Petrella at Q, by Michael Gilbert (1977)
This volume is actually a collection of short stories that were published in various outlets, including EQMM, between 1972 and 1977. I certainly haven’t gone back to the original publication; it seems to me off-handedly that these would be difficult to read in a stand-alone version since the linking information is rather scant. I suspect that some editing may have been done to make the book more “novel-like”; I don’t mind that, but purists may want to go back to the originals.
The stories are about Patrick Petrella, the protagonist in five other volumes of short stories and one novel by Gilbert between 1959 and 1977. Petrella is at this point rising through the ranks of the Metropolitan Police (London, UK) on his way to his eventual achievement of Detective Chief Inspectorial rank. At this point in his career he has a wife and young child and is involved in the kind of “everyday peculiar” problems that every large police force must face. Here he deals with small robberies, a missing baby, petty theft, shoplifting, etc. The stories have a great deal of charm and intelligence in the writing; we like Petrella and want him to succeed, and we get to see a kind of police procedural approach to generalized crime in society. He generally does succeed, against sometimes heavy odds, although at one point he nearly derails his own career by misinterpreting the actions of his superiors. In the final story Petrella faces off against a particularly evil criminal known as The Pole and wins, although at great personal cost to his family. He actually resigns but the final moments of the book detail two of his superior officers who think it’s likely they can convince him to withdraw his resignation, and they intend to make the effort. (Given that there are three more volumes in the series, I think it’s safe to say they succeed.)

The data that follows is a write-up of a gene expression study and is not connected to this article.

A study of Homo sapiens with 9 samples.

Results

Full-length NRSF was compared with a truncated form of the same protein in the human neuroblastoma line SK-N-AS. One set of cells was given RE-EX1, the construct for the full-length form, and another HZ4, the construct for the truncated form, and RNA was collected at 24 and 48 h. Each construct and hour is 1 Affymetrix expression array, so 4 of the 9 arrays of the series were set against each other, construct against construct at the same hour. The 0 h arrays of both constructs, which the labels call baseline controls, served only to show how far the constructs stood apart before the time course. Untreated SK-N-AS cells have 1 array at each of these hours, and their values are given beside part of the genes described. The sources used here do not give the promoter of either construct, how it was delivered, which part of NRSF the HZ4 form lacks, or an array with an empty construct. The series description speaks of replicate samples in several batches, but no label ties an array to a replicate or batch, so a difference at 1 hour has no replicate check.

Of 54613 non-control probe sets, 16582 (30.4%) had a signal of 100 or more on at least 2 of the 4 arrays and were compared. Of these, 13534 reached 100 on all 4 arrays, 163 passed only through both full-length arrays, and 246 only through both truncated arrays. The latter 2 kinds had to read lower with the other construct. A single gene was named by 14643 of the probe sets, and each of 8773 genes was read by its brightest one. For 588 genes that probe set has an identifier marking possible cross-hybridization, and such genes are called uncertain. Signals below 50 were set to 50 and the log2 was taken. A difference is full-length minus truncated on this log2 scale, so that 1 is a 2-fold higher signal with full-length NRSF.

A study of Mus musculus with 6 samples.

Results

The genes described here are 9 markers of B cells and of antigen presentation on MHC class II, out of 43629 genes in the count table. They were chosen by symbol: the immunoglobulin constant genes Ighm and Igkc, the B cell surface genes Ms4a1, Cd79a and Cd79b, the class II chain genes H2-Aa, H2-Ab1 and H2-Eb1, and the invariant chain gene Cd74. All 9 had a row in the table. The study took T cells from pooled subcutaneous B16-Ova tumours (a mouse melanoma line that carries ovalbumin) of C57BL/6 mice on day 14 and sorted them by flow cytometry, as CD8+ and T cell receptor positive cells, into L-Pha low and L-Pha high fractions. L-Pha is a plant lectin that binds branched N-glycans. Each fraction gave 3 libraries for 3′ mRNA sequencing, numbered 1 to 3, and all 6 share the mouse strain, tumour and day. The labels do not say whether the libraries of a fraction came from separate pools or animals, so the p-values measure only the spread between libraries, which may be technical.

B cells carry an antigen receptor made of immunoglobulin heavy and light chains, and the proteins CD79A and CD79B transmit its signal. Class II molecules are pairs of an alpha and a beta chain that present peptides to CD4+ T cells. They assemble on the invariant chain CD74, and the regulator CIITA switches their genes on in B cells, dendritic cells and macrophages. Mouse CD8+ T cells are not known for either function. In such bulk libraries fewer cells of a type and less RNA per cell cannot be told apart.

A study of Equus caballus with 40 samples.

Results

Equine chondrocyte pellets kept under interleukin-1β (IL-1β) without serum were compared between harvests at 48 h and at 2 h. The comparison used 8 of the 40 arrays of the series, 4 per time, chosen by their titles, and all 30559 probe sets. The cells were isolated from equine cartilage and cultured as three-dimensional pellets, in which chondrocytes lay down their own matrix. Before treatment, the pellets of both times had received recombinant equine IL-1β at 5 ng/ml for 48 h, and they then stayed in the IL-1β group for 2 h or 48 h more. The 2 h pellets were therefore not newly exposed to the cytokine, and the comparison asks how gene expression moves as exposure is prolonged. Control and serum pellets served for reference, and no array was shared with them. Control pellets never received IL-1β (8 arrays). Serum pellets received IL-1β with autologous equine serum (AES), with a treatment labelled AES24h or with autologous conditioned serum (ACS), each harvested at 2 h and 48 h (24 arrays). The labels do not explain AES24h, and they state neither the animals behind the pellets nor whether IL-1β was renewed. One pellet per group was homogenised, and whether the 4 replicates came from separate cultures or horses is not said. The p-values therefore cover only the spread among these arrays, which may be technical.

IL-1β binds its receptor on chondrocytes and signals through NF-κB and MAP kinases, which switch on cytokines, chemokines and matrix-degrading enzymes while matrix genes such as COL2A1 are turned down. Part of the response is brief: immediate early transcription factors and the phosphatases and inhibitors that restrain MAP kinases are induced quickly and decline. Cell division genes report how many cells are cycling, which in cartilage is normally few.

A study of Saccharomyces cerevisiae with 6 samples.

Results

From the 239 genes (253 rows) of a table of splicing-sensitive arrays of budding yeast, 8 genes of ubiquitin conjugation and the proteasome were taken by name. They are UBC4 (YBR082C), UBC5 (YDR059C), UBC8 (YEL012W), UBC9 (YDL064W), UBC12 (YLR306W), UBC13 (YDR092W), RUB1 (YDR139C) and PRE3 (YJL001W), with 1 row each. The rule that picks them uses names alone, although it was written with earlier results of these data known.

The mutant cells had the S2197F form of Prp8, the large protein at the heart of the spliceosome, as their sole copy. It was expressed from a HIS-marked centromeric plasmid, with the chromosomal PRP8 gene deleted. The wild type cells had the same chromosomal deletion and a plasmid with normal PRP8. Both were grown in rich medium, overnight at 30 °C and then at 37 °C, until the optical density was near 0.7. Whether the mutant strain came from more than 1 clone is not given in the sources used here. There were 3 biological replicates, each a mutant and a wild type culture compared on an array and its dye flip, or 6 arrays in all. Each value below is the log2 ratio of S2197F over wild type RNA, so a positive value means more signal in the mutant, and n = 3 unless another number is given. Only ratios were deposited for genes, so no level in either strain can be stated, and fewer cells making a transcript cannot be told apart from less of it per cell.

This volume contains an introduction by Gilbert about Patrick Petrella that is of interest to the student and will make the book easier to get into.
Michael Gilbert is an excellent writer who had the misfortune to be able to work in a number of different styles and backgrounds; as a result, he was difficult for publishers to pigeonhole and he possibly hasn’t had the promotional opportunities available to someone who is writing a long series about one individual. His first mystery, Close Quarters (1947) introduced us to Inspector Hazelrigg, and all the books in this series are exceptional; one, Smallbone Deceased (1950), is generally seen as a classic. Petrella has a similar background of London police work. In the 1990s Gilbert started writing espionage novels both in a couple of series and as stand-alone entries; his stand-alone work is by far the largest portion of his output. Personally I prefer his mysteries to his espionage work but he has adherents in both areas.
This collection of short stories is definitely a worthwhile addition to the body of work of the police procedural. Some cases for Petrella involve crimes that are petty; some are very serious. Once or twice there is humour, notably in the story about overcharging for car repairs, and one story about a group of young petty criminals has such a sad ending that it stuck with me for days. There’s one story about a clergyman working in a very poor area of London which is remarkably perceptive and unflinching in its approach to how ministers serve their flocks and the resources upon which they draw to do so (and you will probably be smiling at the end). The final story as I mentioned is quite exciting and violent and would make a great film, I think.
If you enjoy the British take on the police procedural and want a volume of uniformly good short stories to while away some moments, I recommend this and its companion volumes. And if you want Gilbert’s best books, I endorse the selection of Smallbone Deceased but I’ll also mention a great favourite of mine, the unusual Death in Captivity (1952), a classic puzzle mystery that takes place among Allied soldiers in a prisoner of war camp. And his first book, Close Quarters, is so Golden Age that it even has a cryptic crossword to solve as part of the volume.
My favourite edition
I don’t think there are any exceptionally beautiful editions of this book; the muddy blues and greens and 1970s typography of the first edition are not especially well conceived. (It’s depicted above.) My own copy is from the Perennial British Mystery series, shown here, a paperback imprint of Harper and Row and has a vaguely surrealistic flavour about it because of the human face where the Thames should be.
As of today’s date on Abebooks, there’s an inscribed first edition for about US$100 plus shipping; I’d be interested in owning that if I was a Gilbert completist. But my reading copy will do me just fine.